Melbourne Art Mart Sets Up Shop Next Door to the Melbourne Art Fair
Our latest pop-up, Melbourne Art Mart, is a response to some confronting statistics in the most recent study into how much money artists in Australia make. 58% of artists are earning less than $10,000 per year from their creative work (56% in 2009), and 19% are earning less than $10,000 per year from all income sources (16% in 2009).
In real terms since 2009, the average annual income earned from creative work has declined by 19% while artists continue to spend around half of their working time on their creative practice. In other words, the art market is failing the majority of Australian artists.
Melbourne Art Mart: Our Pop-Up With a Purpose
To shine light on this issue, we’ve set up shop next door to the Australian Centre for Contemporary Art, where the Melbourne Art Fair is being held, at the Sturt Street IGA just down the road throughout the Fair.
The pop-up exhibition at the independent grocers aptly features work by 7 independent emerging Melbourne artists: Kim Hyunji, Tank, Jemma Cakebread, Cameron Holmes, Sharon Monagle, Josh Muir and Vlona Mehmedi.
The artists’ work hangs inside the supermarket amongst the lollies, fruit and veg, and is available to buy by simply scanning a QR code with a smartphone. The novel choice of venue highlights how, unlike the majority of the high end art at the Melbourne Art Fair next door, buying art can be easy, affordable, accessible and everyday, just like buying groceries from your local IGA. It also shows how, with a bit of entrepreneurial spirit, there are so many new and exciting avenues for artists to present their artwork outside of traditional galleries to make a living wage.
Why Next Door to MAF?
The biennial Melbourne Art Fair was cancelled in 2016 “until further notice”, despite being one of the world’s longest running art fairs. According to a statement at the time by the Melbourne Art Foundation, a number of key galleries withdrew their applications for exhibition spaces because they no longer felt able to make the required commitments to the 2016 fair.
“While the situation is deeply disappointing, the board understands the economic imperatives of commercial galleries, and the many shifts in the global contemporary art market,” the statement read.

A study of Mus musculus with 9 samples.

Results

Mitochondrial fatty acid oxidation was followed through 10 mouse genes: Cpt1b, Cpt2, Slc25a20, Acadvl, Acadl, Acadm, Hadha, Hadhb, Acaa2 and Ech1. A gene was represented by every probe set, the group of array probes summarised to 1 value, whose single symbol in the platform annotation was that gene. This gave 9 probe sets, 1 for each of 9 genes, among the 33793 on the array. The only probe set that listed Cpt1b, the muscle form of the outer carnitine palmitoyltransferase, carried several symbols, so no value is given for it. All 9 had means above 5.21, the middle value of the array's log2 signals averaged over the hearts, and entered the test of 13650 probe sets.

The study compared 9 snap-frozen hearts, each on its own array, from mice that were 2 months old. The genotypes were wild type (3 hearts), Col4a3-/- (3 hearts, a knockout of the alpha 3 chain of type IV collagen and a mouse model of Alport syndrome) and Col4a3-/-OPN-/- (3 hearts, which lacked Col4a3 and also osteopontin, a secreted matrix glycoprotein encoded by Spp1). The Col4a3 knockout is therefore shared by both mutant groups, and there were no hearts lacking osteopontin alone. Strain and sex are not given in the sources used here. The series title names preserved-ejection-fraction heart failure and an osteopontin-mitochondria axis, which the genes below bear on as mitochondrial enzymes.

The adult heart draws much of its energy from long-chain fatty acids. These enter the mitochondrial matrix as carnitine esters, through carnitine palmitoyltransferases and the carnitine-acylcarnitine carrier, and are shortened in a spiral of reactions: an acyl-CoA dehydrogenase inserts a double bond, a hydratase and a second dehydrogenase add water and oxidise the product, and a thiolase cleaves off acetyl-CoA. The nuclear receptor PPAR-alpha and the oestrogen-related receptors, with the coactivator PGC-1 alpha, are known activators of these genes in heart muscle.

The newly appointed Melbourne Art Foundation Director and CEO, Maree Di Pasquale, has promised a “revitalised fair”. However, Pasquale’s recent statement, and the smaller than usual number of – mainly elite – galleries involved, suggests the fair has perhaps not learnt from 2016’s mistakes.
“With a highly selective offering, Melbourne Art Fair is set to become the premier showcase for leading Australasian contemporary, and will once again be instrumental in driving critical and commercial attention for galleries and their artists. It will play an important and iconic role in reaffirming Victoria’s profile as a commercial hub and centre for cultural accomplishment.”
How Bluethumb is Making a Difference
Unlike much of the art market, sales on Bluethumb are growing rapidly. Over 2000 Australian artists have now successfully sold their art to collectors using the platform, with many earning well above the national average by selling online.
Bluethumb’s Co-Founder and Managing Director, Edward Hartley, thinks it is time events and institutions established to help artists stop promoting and living by a “Hollywood system” that benefits very few artists.
“Commerce is not a dirty word. My view is that commerce is sustainability in the field of your profession. The majority of professional artists in the developed world live on or below their nation’s poverty line. Many will resort to paid work elsewhere to survive, which eats away at their creative capacity. It’s only the lucky few who make a living wage.
“Our mission is to support all Australian artists in their pursuit of success. The best emails we get are the ones saying ‘because of the sales I’m getting from your collectors, I can now quit my day job to pursue my dream of being a full time artist’.
“Traditional galleries may be under pressure, with many smaller ones closing their doors, but this is largely due to market evolution primarily changing buying behaviour. In fact, there has never been more than 500 commercial galleries Australia wide, maybe supporting 50 artists each, so only around 2500 artists at any one time – a tiny fraction of the nation’s practising artists.
“This avenue has always been narrow and hard to access. The changes in buying behaviour and technology give emerging artists a better opportunity than ever before to establish themselves, using whichever channel they see fit. More than ever those who are hungry and willing to self teach will prosper and create their own success. I see this as a great leveller in society.”
Bluethumb Art Mart is at Sturt Street IGA, 151 Sturt St, Southbank, throughout Melbourne Art Week from 30th July to 12th August. Usual IGA opening times apply. Artworks can be found and bought online by scanning the QR codes on the artwork labels.